Thursday, February 19, 2004

My first day in Iran certainly didn’t turn out as expected.

After a few hours’ sleep I crawled through Tehran’s traffic-choked streets to the BBC’s house-cum-bureau. As our driver, Nadar, inched along I admired the snow dusted Alborz mountains to the north of the city and reflected on the fact that the last time I’d travelled in his 4x4 it was on the way to the hospital in Kifri, my severed foot wrapped in a scarf. Kaveh lay dead on the back seat. It was the most eerie feeling and I chose to sit in the front seat, too spooked to re-enact that fateful drive too accurately.

Coincidently, Nadar is himself a right below-knee amputee. He lost his leg to a mortar round 20 years ago as a soldier fighting in the Iran-Iraq war. But unlike me, he drives a car with a manual transmission – quite a challenge for someone with no feeling and limited movement in their right foot. He’s promised to teach me how to do it.

I found the Tehran bureau a relaxed and inviting place to work, a complex of interconnecting open plan rooms cluttered with newspapers, broadcasting equipment and assorted memorabilia. Two framed photos of Kaveh hang above the fireplace, one of them edged with a black ribbon.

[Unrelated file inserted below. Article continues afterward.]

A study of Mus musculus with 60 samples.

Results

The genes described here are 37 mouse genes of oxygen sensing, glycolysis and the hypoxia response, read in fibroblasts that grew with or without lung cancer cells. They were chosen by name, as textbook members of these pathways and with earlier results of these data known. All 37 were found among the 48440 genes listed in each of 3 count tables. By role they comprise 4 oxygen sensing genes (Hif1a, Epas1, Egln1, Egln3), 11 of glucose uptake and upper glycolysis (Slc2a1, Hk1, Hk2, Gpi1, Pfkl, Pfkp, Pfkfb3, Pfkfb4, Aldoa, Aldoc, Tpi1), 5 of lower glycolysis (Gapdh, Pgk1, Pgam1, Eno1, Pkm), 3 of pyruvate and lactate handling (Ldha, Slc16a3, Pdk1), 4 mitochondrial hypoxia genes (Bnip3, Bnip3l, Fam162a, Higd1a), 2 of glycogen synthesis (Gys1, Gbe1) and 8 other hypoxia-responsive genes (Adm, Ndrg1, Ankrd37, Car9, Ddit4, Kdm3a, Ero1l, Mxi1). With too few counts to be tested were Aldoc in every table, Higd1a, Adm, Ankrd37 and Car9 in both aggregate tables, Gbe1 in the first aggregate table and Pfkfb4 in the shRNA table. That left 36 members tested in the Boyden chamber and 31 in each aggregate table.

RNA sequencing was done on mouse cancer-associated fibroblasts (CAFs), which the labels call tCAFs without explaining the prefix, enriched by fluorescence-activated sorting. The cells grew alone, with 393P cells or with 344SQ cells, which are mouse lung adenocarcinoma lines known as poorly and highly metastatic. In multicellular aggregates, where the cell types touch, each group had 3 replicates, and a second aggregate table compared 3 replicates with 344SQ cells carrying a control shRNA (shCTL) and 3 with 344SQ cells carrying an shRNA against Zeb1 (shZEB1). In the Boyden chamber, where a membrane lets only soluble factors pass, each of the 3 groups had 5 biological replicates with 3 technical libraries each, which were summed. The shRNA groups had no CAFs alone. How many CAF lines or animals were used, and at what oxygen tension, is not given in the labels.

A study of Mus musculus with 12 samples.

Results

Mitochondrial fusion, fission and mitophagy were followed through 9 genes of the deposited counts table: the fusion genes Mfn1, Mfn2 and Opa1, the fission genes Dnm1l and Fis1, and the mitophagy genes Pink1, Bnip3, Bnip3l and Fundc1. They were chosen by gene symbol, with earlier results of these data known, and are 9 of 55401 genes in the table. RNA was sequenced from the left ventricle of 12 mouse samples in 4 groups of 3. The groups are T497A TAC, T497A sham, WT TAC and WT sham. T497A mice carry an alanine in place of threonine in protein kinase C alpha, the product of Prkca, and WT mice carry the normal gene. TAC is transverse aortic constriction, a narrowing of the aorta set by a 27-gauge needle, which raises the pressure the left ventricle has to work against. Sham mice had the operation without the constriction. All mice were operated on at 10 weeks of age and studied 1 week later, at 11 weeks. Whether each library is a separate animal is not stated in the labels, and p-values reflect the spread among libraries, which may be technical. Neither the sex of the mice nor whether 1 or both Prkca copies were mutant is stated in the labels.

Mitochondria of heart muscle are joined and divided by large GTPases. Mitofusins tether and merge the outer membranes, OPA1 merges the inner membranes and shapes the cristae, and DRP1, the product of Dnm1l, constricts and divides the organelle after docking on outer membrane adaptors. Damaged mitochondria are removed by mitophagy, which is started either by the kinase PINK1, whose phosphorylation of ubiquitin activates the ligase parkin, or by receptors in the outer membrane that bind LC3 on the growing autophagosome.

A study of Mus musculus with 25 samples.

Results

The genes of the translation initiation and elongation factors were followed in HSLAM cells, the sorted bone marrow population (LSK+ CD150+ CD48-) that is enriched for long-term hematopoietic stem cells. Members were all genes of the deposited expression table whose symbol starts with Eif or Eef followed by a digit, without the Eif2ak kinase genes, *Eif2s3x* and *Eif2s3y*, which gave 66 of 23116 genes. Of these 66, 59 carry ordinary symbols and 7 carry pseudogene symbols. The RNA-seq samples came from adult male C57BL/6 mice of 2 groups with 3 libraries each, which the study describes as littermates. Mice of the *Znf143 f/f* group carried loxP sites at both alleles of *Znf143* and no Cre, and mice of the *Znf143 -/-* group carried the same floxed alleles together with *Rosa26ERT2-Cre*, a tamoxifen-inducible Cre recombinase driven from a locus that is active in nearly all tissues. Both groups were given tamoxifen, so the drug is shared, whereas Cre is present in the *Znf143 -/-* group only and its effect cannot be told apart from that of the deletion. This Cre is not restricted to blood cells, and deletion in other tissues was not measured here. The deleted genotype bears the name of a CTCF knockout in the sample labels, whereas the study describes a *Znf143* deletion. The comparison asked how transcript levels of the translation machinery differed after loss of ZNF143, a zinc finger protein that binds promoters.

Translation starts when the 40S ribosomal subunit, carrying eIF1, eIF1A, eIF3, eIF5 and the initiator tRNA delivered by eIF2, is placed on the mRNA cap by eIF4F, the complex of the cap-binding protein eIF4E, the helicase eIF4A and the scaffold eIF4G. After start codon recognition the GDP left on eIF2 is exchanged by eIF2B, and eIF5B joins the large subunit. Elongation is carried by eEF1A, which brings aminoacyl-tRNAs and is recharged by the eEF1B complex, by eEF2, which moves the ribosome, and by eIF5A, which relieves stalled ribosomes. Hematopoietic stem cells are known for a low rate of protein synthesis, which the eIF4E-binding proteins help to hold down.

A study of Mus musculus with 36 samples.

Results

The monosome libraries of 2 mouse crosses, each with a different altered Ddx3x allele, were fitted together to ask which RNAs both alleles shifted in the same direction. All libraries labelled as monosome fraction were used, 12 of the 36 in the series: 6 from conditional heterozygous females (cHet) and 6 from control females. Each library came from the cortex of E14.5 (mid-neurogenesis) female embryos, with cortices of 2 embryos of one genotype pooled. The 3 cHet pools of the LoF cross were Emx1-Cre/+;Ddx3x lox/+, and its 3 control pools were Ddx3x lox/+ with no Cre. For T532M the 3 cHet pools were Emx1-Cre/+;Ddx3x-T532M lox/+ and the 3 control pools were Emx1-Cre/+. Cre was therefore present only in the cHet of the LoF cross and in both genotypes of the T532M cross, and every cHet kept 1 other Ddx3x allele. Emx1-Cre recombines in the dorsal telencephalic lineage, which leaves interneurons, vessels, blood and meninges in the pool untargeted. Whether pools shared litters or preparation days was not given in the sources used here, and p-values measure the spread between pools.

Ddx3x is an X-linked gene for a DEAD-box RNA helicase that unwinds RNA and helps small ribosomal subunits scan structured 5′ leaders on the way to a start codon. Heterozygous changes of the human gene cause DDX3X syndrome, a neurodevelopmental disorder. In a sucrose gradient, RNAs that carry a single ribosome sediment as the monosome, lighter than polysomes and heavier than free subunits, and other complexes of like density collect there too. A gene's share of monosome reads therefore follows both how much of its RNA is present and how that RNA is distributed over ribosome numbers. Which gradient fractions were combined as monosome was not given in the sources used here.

A communal kitchen and dining room, shared with correspondents from the Guardian and the Financial Times, gave the place the air of a bohemian alternative magazine rather than the base for some of the Middle East’s most respected journalists.

I didn’t get much of a chance to admire my new surroundings.

No sooner had I unloaded the gifts and supplies I’d brought over from London (including the sausages) than the World Duty Editor rang. A train carrying petrol and chemicals had exploded in Khorasan province, in the northeast of the country. Many were feared dead.

Normally Jim would have immediately set to work – but he was heading out the door to do some crucial filming for our election preview piece. It was left to me, with a wide knowledge of Iran garnered from less than 12 hours in the country, to hold the fort.

As the dead toll rose into the hundreds, the list of requests for live interviews – or “two-ways” as we call them in the trade – grew. World Service, News 24, World TV, Radio 4, 5 Live, even Radio Scotland – all of them wanted updates on what had happened. It continued like this for 12 straight hours, by which time the number of interviews churned out was almost as high as the death toll in Khorasan.

The most tricky was question of the day came from an interviewer who asked me to tell viewers what Iran’s rail infrastructure was like. I could have told him I didn’t have the slightest clue, and that my knowledge of Iran’s rail network was about as extensive as my knowledge of Farsi, but I opted instead for a more diplomatic and non-committal answer.

As a result, no time for photos yet…but rest assured they’ll follow soon.